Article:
Girl power exploded at Tuesday’s night’s Taylor Swift concert at L.A.’s Staples Center, the fourth date of a record-breaking five sold-out shows on her “1989” World Tour. Swift was born in 1989, and the album, she told the crowd, “represents a rebirth,” which may or may not have meant something to the roughly 15,000 swooning fans, a large majority of them teens, tweens and even toddlers — though a generous swath of those rocking out were well into their 40s and 50s — sporting glow sticks and fox costumes and pastel mini-dresses lit up like Christmas trees, a sartorial nod to the pink LED-affixed croptop-cum-skirt set Swift wears during her bouncy “How You Get the Girl” number.
But microfashion represents just a fraction of the sway Swift had over concertgoers during her high-octane 2½-hour performance, punctuated by pyrotechnics and grand theatrics, a rotating catwalk, and a satisfying roster of surprise celebrity guests (the presence of Beck and St. Vincent on a live rendition of the former’s “Dreams” might have flummoxed the pint-sized set, but curried enthusiastic favor with anybody over the age of 18; Swift’s glitzy duet with John Legend on “All of Me” inspired squeals of adolescent joy). Opening acts Vance Joy and burgeoning sister-band Haim — the girls’ long ample hair tossed around with wild abandon during feisty guitar licks — set the tone for a “magical” night that made one thing clear: the young really do run the world.
“Thank you so much for caring so much about it,” Swift said, oozing gratitude for its support of “1989,” her fifth studio album and a pop rock departure from the more countrified fare of previous releases “Speak Now” and “Red.” Since its debut in 2014, “1989” has sold over 5.2 million copies.
If there’s such a thing as a pop-star phenomenon, then judging by her Staples run, Swift is it. Debbie Gibson and Tiffany were something of their time, but they had neither the charisma nor the lasting power, and parents who took their kids to see them in concert didn’t come away wanting to buy their records. And Britney Spears had too many problems and too much sex appeal to ever net widespread parental endorsement. But Swift is proof that the musical divide can be bridged if the package is just right. Where others before her seemed manufactured, veritable pop star puppets of the music industry, Swift is of her own invention, chronicling her young adulthood and all its bumps and bruises through lyrics and beats that hit that enviable sweet spot between mass appeal and artistic credibility.
From opening number “Welcome to New York” to chart-toppers “Blank Space,” “Love Story,” “Bad Blood” and “Style,” Swift was putty in the hands of her Staples Center fans — young and old — who sang along to every word while brandishing signs decorated with glitter hearts and staring agog at the singer as she danced onstage, a lanky swan with dewy blue eyes and the gams of a supermodel and just enough gawkiness to render her relatable. She’s polished, but just unpolished enough and, in a way, that is what makes Swift a star. To wit, it wasn’t just the daughters sporting glittery headbands and ringer tees with Swift’s image on the front — it was the moms too. That is Swift: kid tested, parent approved.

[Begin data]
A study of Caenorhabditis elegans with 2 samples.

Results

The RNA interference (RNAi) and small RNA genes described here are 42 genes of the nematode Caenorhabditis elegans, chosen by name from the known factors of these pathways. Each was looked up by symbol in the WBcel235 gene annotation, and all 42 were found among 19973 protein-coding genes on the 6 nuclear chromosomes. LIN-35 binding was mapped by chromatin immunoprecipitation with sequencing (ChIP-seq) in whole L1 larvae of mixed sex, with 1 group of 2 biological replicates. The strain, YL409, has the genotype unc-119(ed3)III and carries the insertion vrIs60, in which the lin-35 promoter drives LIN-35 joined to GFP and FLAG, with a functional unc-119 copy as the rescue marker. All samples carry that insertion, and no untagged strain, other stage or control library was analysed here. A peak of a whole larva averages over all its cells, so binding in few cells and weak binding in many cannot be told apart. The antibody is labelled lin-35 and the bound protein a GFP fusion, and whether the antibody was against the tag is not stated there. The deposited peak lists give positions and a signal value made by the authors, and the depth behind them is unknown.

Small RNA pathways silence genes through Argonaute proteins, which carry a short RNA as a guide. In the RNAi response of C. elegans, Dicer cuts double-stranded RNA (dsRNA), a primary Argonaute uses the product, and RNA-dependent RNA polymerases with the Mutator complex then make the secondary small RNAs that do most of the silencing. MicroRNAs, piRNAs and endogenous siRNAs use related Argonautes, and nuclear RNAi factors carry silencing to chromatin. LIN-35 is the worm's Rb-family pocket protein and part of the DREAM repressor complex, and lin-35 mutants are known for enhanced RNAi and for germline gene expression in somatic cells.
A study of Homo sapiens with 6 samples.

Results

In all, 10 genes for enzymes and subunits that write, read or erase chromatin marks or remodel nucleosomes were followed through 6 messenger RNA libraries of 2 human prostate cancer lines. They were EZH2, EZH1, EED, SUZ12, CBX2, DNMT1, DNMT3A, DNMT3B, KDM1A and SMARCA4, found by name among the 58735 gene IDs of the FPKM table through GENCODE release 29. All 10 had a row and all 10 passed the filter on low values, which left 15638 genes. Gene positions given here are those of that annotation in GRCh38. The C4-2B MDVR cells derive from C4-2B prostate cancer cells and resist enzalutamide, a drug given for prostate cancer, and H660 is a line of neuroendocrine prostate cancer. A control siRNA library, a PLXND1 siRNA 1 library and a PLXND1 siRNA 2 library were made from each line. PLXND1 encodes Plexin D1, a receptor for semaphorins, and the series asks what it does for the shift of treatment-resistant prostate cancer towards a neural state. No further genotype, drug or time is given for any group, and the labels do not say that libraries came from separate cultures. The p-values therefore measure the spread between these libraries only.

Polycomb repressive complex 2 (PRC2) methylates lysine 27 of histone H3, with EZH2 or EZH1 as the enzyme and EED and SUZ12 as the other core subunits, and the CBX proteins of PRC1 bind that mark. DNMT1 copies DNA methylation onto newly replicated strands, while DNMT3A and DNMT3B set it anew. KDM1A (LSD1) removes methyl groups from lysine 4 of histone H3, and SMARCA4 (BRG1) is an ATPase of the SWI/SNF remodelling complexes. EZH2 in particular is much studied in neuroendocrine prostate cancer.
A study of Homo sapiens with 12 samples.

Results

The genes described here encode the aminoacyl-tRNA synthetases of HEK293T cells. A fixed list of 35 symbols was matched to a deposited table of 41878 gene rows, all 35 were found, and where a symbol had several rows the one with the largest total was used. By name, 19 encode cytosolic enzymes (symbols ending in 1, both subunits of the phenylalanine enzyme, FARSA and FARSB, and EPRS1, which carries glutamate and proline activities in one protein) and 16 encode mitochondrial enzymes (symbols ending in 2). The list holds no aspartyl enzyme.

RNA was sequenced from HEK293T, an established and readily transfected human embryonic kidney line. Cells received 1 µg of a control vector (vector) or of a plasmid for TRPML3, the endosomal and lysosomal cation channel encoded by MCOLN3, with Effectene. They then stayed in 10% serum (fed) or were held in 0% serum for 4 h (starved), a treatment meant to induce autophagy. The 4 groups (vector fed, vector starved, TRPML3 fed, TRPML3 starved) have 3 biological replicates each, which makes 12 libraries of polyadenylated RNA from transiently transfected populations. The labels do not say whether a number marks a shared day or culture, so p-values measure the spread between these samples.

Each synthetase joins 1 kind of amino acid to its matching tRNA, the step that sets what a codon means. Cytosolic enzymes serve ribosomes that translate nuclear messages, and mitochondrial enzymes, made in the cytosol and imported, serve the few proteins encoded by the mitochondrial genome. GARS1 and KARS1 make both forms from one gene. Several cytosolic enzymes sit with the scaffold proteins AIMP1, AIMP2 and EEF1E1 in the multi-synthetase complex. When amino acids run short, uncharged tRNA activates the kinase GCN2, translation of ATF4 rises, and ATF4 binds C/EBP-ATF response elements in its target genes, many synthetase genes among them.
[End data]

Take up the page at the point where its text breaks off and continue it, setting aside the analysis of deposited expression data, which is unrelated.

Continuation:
“I’m kind of in love with you,” Swift announced before launching into song. “I’m at my happiest when I’m here onstage with you.”
And you believe her. In a world of cynicism and weariness, Swift is the antidote. Not pure exactly — Swift’s willingness to reveal her shortcomings and boy troubles is all part of her commodity — but something verging on promise. If her act is canned — because, let’s face it, these things are rehearsed — then it’s quite possibly the greatest act in pop music history, because nothing about it feels fake. Everything about Swift feels real. She’s as mesmerized by her fans as they are of her.
And if there were those who ever doubted Swift’s sincerity, there were her celebrity girlfriend BFFs on hand to convince one otherwise. Taped sound bites from “besties” Lena Dunham, Selena Gomez, Karlie Kloss and Cara Delevingne played as interstitials between songs, painting a portrait of Swift as a regular girl who likes Chinese food, playing guitar and is, with her bounty of feline pets, in the words of Dunham, “the patron saint of cats.”
Swift’s last song of the night was the monster hit and contagiously catchy girl-power anthem “Shake It Off,” which prompted everybody in the arena to dance like it was their last night on Earth. But as the music ended and Swift exited, it was the lyrics from “Clean,” displayed in white on a stark black screen, that most aptly and poignantly summed up the night: “She lost him but she found herself and somehow that was everything.”